Welcome to this week’s Math Munch!
Up first, a follow up to our post about the World Cup a while back. We received an email from Marc Chamberland linking us to a nice little video (below) about World Cup Balls and their various properties. You may remember seeing Marc’s mathematical art in this post. Below you can see another nice piece that was included in the mathematical art exhibit at the 2013 Joint Mathematics Meetings. Click for a nice description of the math puzzle it solves. (in short: What’s the area of the red square?)
Marc is a math professor at Grinnell College. In March of 2014 (3-14?) he began working on Tipping Point Math, a youtube channel full of videos showing “math as you never imagined.” I encourage you to find something nice there. For now, here’s that video about World Cup Balls I promised you.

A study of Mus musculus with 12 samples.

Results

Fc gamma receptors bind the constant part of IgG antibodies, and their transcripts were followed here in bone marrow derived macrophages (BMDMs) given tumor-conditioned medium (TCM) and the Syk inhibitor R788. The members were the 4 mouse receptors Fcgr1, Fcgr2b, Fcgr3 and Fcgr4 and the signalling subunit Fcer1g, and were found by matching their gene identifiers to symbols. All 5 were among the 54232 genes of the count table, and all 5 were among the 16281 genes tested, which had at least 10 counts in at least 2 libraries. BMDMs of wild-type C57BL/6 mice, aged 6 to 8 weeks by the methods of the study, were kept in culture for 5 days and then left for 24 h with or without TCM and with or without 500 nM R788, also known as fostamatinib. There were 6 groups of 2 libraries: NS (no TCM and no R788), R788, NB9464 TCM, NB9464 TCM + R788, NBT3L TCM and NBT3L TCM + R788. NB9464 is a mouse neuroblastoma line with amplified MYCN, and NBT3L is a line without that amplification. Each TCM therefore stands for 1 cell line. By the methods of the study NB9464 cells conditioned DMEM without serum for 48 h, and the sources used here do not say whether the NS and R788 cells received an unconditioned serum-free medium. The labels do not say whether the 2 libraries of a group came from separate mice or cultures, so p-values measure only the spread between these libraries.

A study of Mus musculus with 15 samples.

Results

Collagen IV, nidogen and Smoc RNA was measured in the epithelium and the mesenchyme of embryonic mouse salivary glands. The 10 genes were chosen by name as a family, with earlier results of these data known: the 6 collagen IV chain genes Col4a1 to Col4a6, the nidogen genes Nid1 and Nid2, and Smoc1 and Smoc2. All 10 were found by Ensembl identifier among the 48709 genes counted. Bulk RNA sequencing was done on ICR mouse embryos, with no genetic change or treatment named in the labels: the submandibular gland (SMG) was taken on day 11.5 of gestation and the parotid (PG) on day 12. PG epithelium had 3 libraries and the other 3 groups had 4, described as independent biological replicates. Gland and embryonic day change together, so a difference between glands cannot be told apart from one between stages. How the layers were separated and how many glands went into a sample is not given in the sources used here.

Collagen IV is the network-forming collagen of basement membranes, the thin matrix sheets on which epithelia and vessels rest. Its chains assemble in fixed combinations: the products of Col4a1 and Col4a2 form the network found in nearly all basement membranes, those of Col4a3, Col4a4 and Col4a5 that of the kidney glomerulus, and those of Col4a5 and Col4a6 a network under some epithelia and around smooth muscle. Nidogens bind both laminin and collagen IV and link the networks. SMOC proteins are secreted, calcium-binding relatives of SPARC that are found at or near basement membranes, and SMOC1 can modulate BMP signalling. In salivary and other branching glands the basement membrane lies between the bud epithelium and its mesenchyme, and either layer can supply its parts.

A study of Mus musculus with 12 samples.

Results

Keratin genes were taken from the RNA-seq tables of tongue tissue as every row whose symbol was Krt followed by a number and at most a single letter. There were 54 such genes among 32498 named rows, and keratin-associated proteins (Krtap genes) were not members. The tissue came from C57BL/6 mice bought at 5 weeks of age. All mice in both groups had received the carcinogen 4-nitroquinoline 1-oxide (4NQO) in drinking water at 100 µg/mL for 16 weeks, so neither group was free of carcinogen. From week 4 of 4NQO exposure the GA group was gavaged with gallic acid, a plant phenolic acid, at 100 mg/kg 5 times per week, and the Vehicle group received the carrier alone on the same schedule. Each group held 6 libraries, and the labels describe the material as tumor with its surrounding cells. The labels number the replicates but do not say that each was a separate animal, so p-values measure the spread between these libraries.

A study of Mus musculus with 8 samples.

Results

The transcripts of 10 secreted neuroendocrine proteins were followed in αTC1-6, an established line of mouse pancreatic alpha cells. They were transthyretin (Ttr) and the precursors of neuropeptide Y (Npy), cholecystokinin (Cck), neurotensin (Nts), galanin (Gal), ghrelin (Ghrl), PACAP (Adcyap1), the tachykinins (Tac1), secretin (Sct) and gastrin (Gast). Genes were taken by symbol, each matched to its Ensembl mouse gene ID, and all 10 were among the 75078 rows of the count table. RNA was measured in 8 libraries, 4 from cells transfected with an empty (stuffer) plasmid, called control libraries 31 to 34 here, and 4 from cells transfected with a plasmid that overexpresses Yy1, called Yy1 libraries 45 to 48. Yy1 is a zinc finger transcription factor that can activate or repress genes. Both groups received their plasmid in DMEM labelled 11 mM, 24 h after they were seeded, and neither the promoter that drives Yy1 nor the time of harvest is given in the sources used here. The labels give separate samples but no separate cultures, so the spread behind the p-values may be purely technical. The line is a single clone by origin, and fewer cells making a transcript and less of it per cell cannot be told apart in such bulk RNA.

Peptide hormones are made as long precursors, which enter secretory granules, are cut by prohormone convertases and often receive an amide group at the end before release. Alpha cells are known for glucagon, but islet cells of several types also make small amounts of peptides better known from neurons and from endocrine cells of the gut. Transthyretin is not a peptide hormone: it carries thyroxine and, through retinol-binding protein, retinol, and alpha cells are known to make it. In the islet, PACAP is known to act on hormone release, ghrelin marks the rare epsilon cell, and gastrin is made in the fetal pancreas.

Up next are some nifty, fun fonts based on mathematics. Erik Demaine is no stranger to Math Munch readers, and it’s no wonder why. His stuff is clever and downright intriguing. He and his father Martin published a very interesting paper last April about a series of mathematical typefaces they’ve created over the course of their last decade of research and play.
Their paper was published to the arXiv (pronounced “archive”) where it is publicly available. You can read it here. Or, if you like something slightly more plain-language, here’s a nice review over on medium.com.
Finally, I want to share a sleepy little video called “Congruent Triangles.” I like to think of it as a slice of mathematical cultural history. This film was made in 1977 on an early computer called a Tektronix 4051 Graphics Terminal. It was made by Bruce and Katherine Cornwell as part of a series of mathematical videos. The way the shapes move and deform to present the ideas and connect the pieces together is so very cool. I also love the choice of music. It tells you something about what math was like for people then. I’d say sort of “groovy.”
There’s more to the story and many more cool videos to enjoy. You can look forward to seeing more from the Cornwells, but for now, enjoy this one video and do some hunting on your own if you’re interested. That’s called “research.”